Unilaterally Sarcastic, Dangerously Cheesy

Book Review – Mockingjay

Between my publishing the review for Catching Fire and writing this one, I myself have published a new book. It took me quite a while to write when compared to my first novel. Probably because it’s twice as long and I would argue a better book all around. That having been said, the last entry into the Hunger Games Trilogy was good enough to make me dislike my own writing in comparison. This is one of the strongest finales I have ever seen committed to paper. I think that a good majority of what makes it so is that it is a complete diversion from the style of the first two books. The mood is darker and the stakes higher, as they should be in any sequel, but the manner of story that the author uses to complete the narrative is fresh when viewed through the lens of the series thus far.

It becomes a straight up war book. It still retains the strong themes of the power of propaganda and the tendency of those in charge to forget the pawns in their machinations. The point of the series is not lost in the turnaround, it’s just revealed under a different light. It’s really quite well done. While I personally think that the second book was actually the better novel, the finale does an amazing job in its own right. It’s actually hard to compare the two because of the shift in direction. It is a testament to Collins’ ability as a writer that even by the third book, when we’re used to characters being picked off one-by-one in the games, the deaths of major characters still evoke considerable emotion within the reader. Make no mistake, she goes for the gut punch more than once and it’s usually very effective.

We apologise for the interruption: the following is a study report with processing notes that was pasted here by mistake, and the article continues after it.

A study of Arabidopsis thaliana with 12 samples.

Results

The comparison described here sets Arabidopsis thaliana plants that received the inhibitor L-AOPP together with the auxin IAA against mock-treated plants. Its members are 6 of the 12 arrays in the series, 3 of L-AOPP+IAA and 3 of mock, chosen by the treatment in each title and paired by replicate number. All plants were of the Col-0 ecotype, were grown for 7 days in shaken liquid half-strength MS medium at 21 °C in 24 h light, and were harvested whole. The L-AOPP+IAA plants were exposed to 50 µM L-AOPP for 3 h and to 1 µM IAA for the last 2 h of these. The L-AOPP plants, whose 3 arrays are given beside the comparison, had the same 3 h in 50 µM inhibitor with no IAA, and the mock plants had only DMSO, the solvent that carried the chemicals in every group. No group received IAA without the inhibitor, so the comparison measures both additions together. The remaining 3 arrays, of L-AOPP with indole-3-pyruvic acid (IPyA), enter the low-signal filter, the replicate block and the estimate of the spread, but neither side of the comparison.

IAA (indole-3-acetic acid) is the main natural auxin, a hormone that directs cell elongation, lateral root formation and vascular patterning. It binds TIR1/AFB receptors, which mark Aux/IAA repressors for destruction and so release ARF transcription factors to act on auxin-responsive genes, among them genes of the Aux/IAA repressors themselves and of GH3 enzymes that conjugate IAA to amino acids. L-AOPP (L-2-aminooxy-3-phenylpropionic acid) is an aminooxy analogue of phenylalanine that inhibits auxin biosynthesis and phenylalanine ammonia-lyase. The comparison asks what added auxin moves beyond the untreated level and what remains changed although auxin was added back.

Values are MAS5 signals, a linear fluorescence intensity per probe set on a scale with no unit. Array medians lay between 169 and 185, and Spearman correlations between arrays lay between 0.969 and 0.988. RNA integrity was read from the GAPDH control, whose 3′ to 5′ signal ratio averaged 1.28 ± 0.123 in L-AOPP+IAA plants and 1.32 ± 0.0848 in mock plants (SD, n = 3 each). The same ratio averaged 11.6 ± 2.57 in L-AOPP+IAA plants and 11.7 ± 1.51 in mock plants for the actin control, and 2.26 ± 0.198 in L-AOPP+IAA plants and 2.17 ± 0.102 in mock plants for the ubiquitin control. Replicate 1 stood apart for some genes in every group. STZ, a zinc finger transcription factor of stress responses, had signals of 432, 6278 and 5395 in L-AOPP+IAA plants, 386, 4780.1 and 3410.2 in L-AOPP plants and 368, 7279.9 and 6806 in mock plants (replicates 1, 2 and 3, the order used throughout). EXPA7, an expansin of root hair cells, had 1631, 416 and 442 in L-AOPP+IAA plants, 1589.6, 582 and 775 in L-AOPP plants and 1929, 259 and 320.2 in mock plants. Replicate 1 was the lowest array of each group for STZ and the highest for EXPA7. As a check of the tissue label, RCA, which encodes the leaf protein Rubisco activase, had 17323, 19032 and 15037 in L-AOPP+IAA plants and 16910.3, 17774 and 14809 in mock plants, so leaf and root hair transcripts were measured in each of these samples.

I would say that I place some fault with the ending, as calling it abrupt would be an understatement. But it’s satisfying enough in that it makes logical sense, really, the way it played out. The events leading up to the climax force the resolution in a way. I think the ending may very well have been different if there were more entries to the series, which honestly I would have approved of, as having the entirety of the revolution contained to a single entry means that we don’t have much time to expand on the newly introduced themes and characters. The president of district 13 is shortchanged somewhat here, as we’re forced to form opinions about her very early with not a whole lot of time to let perceptions grow organically. But that’s only a minor quibble because I don’t think she was ever intended to be anything other than a minor contrast to President Snow. I think it’s mostly a statement on my expectations and not a reflection on the shortcomings of the book.

Now that I’ve read all three books I’m more than ready for the film adaptations. And now I can be one of those assholes who gripe about stuff that gets changed. Yeah. That sounds like fun.